This news story was published on September 1, 2012.

By La Velle E. Neal III, Star Tribune (Minneapolis) –

KANSAS CITY, Mo. — If Twins righthander Cole De Vries is going to establish himself in the major leagues, he’ll eventually have to do more than get fat off the Royals. But for now, he’ll take wins any way he can get them.

De Vries was in total  control for most of his outing on Saturday as he helped the Twins beat Kansas City, 3-1, in the first game of a real doubleheader at Kauffman Stadium.

Why ‘real’ doubleheader? In this era, clubs separate the two games by having an early afternoon start, then an evening start. They kick everyone out after one game then make them spin the turnstiles again for a second game.

Not on Saturday. Remnants of Hurricane Isaac – the same storm that led to massive flooding in Louisiana and Mississippi – dumped 6.56 inches of rain on Kansas City in a 30-hour period. Friday’s game was washed out, but the Royals scheduled two games back-to-back on Saturday – a real two-for-one for heartland baseball fans.

They got to watch De Vries win back-to-back starts for the first time in his career, as he held the Royals to one run over 6u2154 innings. He’s 3-0 against Kansas City with a 3.06 ERA. He’s 1-5 against the rest of baseball.

“I guess I didn’t really know that,” De Vries said. “It makes me happy. That’s pretty good. Something’s working here and at home (against the Royals), whatever it is.”

It took De Vries a month to win his third major league game. It only took a few days for this fourth.

De Vries held the Royals to a single his first time through the order and Kansas City had three hits through five innings. The offense had carved out a 3-0 lead for him by then, on an RBI double by Justin Morneau in the first, then a sacrifice fly by Morneau and an RBI single by Ryan Doumit in the fifth.

The Royals began to figure out De Vries in the seventh. Mike Moustakas and Brayan Pena led off the inning with singles. De Vries fought back to strike out Jeff Francoeur and got Eric Hosmer to pop up a 3-1 pitch for the second out.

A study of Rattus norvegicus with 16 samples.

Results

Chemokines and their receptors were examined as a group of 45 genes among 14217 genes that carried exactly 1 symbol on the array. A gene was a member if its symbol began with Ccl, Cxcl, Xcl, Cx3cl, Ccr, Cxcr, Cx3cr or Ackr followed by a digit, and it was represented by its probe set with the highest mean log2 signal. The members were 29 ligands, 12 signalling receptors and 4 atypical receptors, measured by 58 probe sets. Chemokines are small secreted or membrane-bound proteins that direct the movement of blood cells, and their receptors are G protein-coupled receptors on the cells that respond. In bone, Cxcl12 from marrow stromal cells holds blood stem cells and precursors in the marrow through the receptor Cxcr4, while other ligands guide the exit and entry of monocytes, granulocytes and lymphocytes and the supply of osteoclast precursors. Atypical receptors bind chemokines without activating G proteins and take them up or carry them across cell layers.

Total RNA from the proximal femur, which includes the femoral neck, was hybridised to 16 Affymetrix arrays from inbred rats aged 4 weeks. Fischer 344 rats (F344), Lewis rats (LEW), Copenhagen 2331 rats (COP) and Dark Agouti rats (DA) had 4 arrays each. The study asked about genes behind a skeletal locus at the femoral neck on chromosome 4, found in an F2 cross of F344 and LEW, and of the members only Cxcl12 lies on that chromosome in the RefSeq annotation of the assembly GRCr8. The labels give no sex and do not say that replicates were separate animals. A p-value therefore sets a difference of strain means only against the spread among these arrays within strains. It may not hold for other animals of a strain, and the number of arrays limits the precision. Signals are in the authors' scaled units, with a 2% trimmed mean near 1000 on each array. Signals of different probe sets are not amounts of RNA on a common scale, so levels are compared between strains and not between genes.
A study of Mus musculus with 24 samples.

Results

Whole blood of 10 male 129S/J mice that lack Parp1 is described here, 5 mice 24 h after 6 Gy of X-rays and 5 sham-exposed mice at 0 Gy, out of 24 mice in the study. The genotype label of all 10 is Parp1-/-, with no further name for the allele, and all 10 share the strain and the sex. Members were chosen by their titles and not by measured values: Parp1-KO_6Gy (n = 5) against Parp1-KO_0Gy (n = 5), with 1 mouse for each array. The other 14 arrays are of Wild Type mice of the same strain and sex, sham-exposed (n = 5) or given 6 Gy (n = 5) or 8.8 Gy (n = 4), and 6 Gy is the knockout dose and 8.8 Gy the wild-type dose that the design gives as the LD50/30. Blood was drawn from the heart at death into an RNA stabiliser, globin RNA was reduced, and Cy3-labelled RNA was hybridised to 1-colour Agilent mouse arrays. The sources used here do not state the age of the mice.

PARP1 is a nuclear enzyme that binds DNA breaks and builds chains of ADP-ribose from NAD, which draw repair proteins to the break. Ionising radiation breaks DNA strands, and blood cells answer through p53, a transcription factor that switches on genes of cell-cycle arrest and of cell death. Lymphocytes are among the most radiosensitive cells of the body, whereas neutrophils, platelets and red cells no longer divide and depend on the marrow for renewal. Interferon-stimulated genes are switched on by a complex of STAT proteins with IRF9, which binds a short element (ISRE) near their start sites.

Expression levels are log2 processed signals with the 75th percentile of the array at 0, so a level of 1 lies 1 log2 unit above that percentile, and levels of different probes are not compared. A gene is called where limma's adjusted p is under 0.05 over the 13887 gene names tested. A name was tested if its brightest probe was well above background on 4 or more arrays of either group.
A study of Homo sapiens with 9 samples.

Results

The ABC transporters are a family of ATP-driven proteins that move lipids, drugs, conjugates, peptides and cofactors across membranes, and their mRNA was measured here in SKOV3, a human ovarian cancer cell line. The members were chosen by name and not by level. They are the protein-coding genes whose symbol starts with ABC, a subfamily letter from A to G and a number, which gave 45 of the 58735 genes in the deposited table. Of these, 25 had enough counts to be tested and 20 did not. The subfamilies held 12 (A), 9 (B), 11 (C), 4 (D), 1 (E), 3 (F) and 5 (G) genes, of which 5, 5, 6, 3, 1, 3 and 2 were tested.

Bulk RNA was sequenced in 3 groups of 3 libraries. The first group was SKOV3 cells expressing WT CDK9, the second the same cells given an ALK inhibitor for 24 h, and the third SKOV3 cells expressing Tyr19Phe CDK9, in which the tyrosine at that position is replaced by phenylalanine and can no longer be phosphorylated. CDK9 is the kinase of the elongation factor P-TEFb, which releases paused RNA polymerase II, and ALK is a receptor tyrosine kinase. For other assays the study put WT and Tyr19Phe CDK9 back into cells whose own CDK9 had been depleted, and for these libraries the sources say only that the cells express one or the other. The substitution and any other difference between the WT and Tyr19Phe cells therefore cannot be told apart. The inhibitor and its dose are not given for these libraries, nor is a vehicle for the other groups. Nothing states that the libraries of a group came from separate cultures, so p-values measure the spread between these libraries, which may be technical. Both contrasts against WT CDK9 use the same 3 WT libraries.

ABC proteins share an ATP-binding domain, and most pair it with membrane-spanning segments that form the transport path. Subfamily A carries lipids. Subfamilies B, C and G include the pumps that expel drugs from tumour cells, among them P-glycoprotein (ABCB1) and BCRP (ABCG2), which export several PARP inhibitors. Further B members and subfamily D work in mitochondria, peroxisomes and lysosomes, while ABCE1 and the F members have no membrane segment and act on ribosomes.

De Vries had two strikes on Johnny Giavotella. After pitching him away, he tried to bust him inside, and Giavotella fisted a RBI single to left to make it 3-1. De Vries was pulled after giving up one run on seven hits with no walks and three strikeouts.

The bullpen took it from there, and Glen Perkins came on in the ninth and earned his ninth save.

De Vries appears to be making a good case for himself for next season. He feels he’s made strides in recent starts, learning what it takes to compete at the highest level.

“Definitely. I think there’s something you can learn, whether it is something minimal or something major,” De Vries said. “Every time I go out there I try to use that principle and take what I can from a start. I think a lot of it too is getting more familiar with the guys I’m playing with and playing against. Just because I think so much of that comes into play in the big leagues, knowing guys’ tendencies and that can help.

“That’s one of the things I’m trying to get better at. Getting more exposure, getting more innings, pitching against guys so I can have that background and knowledge against them.”